James Madara, M.D.

The Importance of Restoring Trust and Pushing Innovation in 2021


As we begin a new year with a new administration and new Congress in place, it is crucial that government and public health officials at every level begin the difficult task of restoring the trust in science, evidence and data that have so eroded in the past year.

We start the year at a critical phase in this pandemic and with a safe and effective vaccine for COVID-19 at hand. Physicians, leaders of organized medicine and in our scientific community must work collaboratively to reduce the politicization of this pandemic and communicate credible public health information to the public. And we must work strategically to reduce the misinformation and disinformation that have come to dominate our discussion of the greatest threat to public health in generations.

The American Medical Association is committed to doing all we can to help restore that trust and to promote a national vision for health care that is centered around equity and is rooted in evidence-based science and data, without regard for political ideology. Key to that vision is ensuring that all people have access to meaningful, affordable health care. Increasingly, as we have seen throughout this pandemic, that means availability of remote care and breaking down the traditional walls of the exam room.

AMA has long recognized the important role telemedicine would and should play in a 21st Century health system – and not surprisingly demand for telehealth services exploded during the COVID-19 pandemic.

A November survey by the COVID-19 Healthcare Coalition – comprising more than 1,000 health care organizations, technology firms, and nonprofits – reported that more than 75 percent of respondents said telehealth enabled them to provide quality care for COVID-19-related care, acute care, chronic disease management, hospital/emergency department follow-up, care coordination, preventative care, and mental/behavioral health.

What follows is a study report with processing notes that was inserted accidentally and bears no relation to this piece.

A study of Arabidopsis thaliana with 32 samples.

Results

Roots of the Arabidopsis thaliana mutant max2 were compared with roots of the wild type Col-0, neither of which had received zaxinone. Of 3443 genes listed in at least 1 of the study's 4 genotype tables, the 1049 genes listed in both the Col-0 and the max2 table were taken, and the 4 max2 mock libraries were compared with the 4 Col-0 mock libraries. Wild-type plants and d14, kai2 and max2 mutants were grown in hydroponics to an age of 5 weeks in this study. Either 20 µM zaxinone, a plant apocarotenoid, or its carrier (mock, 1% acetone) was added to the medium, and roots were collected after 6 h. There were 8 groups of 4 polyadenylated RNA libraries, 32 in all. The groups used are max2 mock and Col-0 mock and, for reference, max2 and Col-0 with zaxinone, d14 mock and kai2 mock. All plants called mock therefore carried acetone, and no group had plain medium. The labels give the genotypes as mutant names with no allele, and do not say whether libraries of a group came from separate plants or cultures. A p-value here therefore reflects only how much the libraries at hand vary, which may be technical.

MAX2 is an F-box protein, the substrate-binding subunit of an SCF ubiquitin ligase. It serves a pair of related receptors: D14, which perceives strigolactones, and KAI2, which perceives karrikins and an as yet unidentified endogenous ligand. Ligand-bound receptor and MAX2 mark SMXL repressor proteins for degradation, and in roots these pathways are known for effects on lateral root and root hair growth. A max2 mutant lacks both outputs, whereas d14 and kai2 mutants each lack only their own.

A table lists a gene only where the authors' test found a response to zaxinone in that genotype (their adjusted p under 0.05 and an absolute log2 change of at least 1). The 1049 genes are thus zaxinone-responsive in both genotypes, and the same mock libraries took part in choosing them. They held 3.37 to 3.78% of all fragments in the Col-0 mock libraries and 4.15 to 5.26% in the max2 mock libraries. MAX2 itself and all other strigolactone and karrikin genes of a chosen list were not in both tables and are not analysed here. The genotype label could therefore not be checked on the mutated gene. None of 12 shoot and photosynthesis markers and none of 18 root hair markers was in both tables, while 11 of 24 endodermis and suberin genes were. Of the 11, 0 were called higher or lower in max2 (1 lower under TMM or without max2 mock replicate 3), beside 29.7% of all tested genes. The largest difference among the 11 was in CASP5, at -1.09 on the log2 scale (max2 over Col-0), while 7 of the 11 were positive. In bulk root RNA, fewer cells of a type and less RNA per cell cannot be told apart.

AMA is working to help physicians navigate this new health care landscape. The AMA-led collaborative we launched in 2020, called The Telehealth Initiative, includes more than 20 physician practices that are receiving expert coaching support and identifying best practices for telehealth implementation. AMA’s Telehealth Implementation Playbook, which is available for free on our website, outlines a clear, efficient path to rapid, scaled implementation of audio and visual visits, along with a wealth of institutional knowledge and best practices curated from experts in the field.  On the policy side, AMA helped solve one of the most significant barriers to wider adoption of telemedicine by pushing the Centers for Medicare and Medicaid Services to remove restrictions on where patients can be located to receive these services under Medicare rules. AMA is committed to working with policymakers, Congress and the new administration to make these changes permanent and further remove barriers to adoption.

Telehealth represents a fundamental change in how physicians deliver care, and how patients experience it, bodes well for the future. Moving forward, we will need physician leaders, government, and health organizations working together to ensure that challenges of efficacy, privacy, and equity do not become barriers to widespread telehealth adoption.